Two Zucchini Recipes from Sharon Hanna

Perfect for the "one that got away". Zucchini is at its best when picked young so it's challenging to use big ones. (If you grow 'Romanesco' - an Italian zucchini with scalloped edges, even when it gets a little on the large side it stays useable). Don't mess with baseball-bat sized regular zucchini: it makes a good doorstop.

•    1/4 cup (60 mL) grated asiago, parmigiano or other grating-type cheese
•    2-3 slices of stale bread ripped up (not too stale) or panko - about 1 cup (250mL)
•    A nice handful of basil leaves
•    a few fresh thyme leaves (optional)
•    Pinch of cayenne
•    1 or 2 garlic cloves, chopped
•    salt and pepper
•    2 lbs (1 kg) zucchini - no baseball bats
•    olive oil for drizzling - about 3 Tbsp (45 mL)
•    tomatoes (about 1 lb)
•    anchovy bits (optional)
•    1 cup (250 mL) any cheese you like - emmenthal, cheddar, feta, goat's cheese - or a mixture
Whirl cheese, bread or panko, herbs, cayenne, garlic, salt and pepper until everything has a nice crumby texture.    
Oil a heavy gratin dish and preheat oven to 400F. Slice zucchini thinly or use a mandolin if you have one - makes it very light work. The first layer is zucchini - if pieces are big they are easily overlapped. Or, you can just put down a layer in any shape - it will all meld together in the end. Evenly strew 1/3 of crumb mixture over first layer. Drizzle modestly with olive oil. Make a second layer of zucchini, strew another 1/3 of the crumbs, a little more olive oil on top, then add the third (last) layer of zucchini. If you like anchovies, you can put a few little pieces on top of the zucchini now.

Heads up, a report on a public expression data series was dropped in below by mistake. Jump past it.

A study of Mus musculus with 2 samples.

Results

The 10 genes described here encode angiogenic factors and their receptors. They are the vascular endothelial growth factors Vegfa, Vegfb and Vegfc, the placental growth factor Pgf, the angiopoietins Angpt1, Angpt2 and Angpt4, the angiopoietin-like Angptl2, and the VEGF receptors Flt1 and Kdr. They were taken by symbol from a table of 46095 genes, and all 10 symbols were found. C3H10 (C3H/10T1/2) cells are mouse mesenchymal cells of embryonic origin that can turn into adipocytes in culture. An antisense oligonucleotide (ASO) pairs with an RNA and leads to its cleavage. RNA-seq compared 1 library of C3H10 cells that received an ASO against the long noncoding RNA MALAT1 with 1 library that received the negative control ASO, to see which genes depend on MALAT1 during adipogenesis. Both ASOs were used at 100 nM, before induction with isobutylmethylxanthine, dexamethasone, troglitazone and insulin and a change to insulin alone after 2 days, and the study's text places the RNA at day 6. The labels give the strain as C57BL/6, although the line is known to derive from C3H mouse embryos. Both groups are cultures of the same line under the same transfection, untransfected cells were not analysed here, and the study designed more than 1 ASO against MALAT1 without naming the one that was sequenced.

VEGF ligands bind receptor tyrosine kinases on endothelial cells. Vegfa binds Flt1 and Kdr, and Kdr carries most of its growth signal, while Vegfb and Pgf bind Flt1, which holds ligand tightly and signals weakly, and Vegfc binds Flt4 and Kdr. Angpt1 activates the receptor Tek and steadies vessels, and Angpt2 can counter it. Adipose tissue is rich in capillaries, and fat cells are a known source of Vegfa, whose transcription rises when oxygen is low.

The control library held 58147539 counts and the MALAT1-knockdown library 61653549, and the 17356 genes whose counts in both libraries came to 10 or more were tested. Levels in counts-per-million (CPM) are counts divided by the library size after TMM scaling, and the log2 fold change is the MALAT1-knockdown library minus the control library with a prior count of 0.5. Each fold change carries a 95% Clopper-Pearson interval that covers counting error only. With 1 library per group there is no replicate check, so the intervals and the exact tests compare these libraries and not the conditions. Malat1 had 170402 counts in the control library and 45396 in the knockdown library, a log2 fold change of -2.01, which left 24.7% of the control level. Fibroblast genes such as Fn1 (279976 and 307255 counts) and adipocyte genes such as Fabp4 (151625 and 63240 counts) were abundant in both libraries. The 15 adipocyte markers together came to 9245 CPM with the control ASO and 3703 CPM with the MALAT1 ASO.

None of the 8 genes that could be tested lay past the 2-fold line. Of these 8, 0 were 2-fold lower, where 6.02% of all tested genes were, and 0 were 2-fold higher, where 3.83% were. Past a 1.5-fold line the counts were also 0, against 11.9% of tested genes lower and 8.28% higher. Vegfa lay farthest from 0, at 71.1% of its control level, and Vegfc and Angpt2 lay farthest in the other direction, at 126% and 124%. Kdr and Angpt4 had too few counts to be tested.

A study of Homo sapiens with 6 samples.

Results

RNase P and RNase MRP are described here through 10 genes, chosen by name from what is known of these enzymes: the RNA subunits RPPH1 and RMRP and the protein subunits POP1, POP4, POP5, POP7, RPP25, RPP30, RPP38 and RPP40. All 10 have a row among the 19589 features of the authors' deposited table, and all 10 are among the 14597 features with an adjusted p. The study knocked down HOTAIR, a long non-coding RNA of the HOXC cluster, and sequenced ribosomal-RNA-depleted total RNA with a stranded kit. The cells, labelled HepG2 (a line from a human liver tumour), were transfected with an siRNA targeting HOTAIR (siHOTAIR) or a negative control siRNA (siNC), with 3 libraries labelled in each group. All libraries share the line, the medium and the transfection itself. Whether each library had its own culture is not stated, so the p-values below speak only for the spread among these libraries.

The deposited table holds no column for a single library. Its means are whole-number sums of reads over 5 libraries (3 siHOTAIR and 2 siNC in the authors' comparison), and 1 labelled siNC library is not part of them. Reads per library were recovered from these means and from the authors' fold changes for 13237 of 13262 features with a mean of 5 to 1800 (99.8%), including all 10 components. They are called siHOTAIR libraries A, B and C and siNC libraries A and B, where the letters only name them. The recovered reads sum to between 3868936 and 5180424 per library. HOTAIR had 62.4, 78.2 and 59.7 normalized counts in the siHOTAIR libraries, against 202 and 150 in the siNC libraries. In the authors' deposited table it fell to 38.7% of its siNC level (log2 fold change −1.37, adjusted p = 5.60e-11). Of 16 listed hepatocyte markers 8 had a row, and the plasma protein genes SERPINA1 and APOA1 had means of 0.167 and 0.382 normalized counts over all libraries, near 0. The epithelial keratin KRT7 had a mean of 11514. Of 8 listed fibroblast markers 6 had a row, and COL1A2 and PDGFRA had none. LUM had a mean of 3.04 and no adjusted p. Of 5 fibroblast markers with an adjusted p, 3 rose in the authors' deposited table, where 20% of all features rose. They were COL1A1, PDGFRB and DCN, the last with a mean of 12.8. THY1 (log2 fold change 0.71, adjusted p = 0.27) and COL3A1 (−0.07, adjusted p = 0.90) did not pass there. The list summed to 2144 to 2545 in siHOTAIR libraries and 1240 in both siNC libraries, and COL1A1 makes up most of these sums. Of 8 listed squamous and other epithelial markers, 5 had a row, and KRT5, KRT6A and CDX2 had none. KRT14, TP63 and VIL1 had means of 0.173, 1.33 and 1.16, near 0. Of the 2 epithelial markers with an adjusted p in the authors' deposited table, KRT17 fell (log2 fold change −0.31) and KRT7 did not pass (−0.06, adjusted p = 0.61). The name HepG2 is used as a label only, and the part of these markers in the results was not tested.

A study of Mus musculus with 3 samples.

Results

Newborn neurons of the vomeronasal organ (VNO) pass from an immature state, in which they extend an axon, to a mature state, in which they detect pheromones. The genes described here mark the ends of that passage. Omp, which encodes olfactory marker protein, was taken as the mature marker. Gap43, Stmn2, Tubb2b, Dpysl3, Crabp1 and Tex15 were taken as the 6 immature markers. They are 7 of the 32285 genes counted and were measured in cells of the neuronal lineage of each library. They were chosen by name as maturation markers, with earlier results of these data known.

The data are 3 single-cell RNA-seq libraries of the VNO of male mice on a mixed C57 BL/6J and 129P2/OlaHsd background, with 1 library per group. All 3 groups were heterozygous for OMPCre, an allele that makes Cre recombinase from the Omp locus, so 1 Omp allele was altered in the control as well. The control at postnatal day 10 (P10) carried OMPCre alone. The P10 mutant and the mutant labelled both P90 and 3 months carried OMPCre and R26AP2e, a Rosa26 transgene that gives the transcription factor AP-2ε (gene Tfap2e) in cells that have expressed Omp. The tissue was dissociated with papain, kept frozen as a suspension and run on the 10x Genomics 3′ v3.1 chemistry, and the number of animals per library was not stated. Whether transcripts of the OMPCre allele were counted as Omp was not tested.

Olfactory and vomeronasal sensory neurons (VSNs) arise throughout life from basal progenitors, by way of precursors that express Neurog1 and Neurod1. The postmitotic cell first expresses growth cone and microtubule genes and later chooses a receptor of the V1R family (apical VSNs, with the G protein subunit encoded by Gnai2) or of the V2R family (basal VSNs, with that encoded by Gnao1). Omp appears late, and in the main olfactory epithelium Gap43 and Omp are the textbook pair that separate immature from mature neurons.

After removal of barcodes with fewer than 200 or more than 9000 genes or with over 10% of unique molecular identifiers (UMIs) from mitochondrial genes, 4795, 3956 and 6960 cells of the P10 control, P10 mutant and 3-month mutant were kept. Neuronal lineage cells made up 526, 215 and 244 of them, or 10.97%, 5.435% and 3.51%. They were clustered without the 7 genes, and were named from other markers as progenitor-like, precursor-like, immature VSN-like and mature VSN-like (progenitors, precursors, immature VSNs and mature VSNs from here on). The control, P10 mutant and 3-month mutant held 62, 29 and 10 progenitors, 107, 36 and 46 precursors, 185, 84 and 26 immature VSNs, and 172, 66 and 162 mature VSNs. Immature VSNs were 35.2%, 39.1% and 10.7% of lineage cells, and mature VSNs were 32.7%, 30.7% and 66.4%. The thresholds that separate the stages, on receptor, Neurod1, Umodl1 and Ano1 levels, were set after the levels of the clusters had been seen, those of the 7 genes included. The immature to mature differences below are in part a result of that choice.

Lastly, place tomato slices on top; if the tomatoes are large and the slices thin, overlapping is easy. Strew on the rest of the crumbs and (again) drizzle the olive oil. Bake for 25 minutes, remove from oven and top cheese. Bake 15-20 more minutes until gratin is bubbling and cooked through. Let it sit for at least half an hour so it has a chance to firm up.   
Serves about 4

A "meze" from Tunisia - another way to use up zucchini which run rampant. Harissa is a combination of hot peppers, caraway, coriander, garlic and oil. Start with a little harissa; allow the zucchini to mellow for about 10 minutes and add more heat if you like. To serve it, get some sangak (Persian flatbread - try Persia Foods - many locations in Vancouver, North and West Vancouver too) which has been heated in the oven for just a few minutes and drizzled with butter. Or pita, if you can't find the flatbread.
1 ¼ lbs zucchini about 3 medium size (see above - not too big!)
Cut over with water and keep at a low boil for about 20 minutes until cooked. Transfer to a colander and allow to sit and drain. Mash the zucchini in the colander so that some of the wateriness drains, then put it into a bowl.
In a small bowl, whisk together everything below but the feta:
•    Scant tsp. harissa paste
•    2 Tbsp. olive oil
•    Juice of one lemon
•    1 clove garlic, finely minced
•    Scant tsp. ground coriander (if you can grind your own seed it will taste 10X better)
•    ½ tsp. caraway seeds, ground in suribachi or mortar/pestle - or leave them whole
•    Grindings of fresh pepper
•    Feta for garnishing
Pour over the zucchini and combine well. Transfer to shallow serving bowl; scatter crumbled feta on top. Serve the dish barely cooled off; it keeps OK in the fridge but tastes the best within the first hour or two.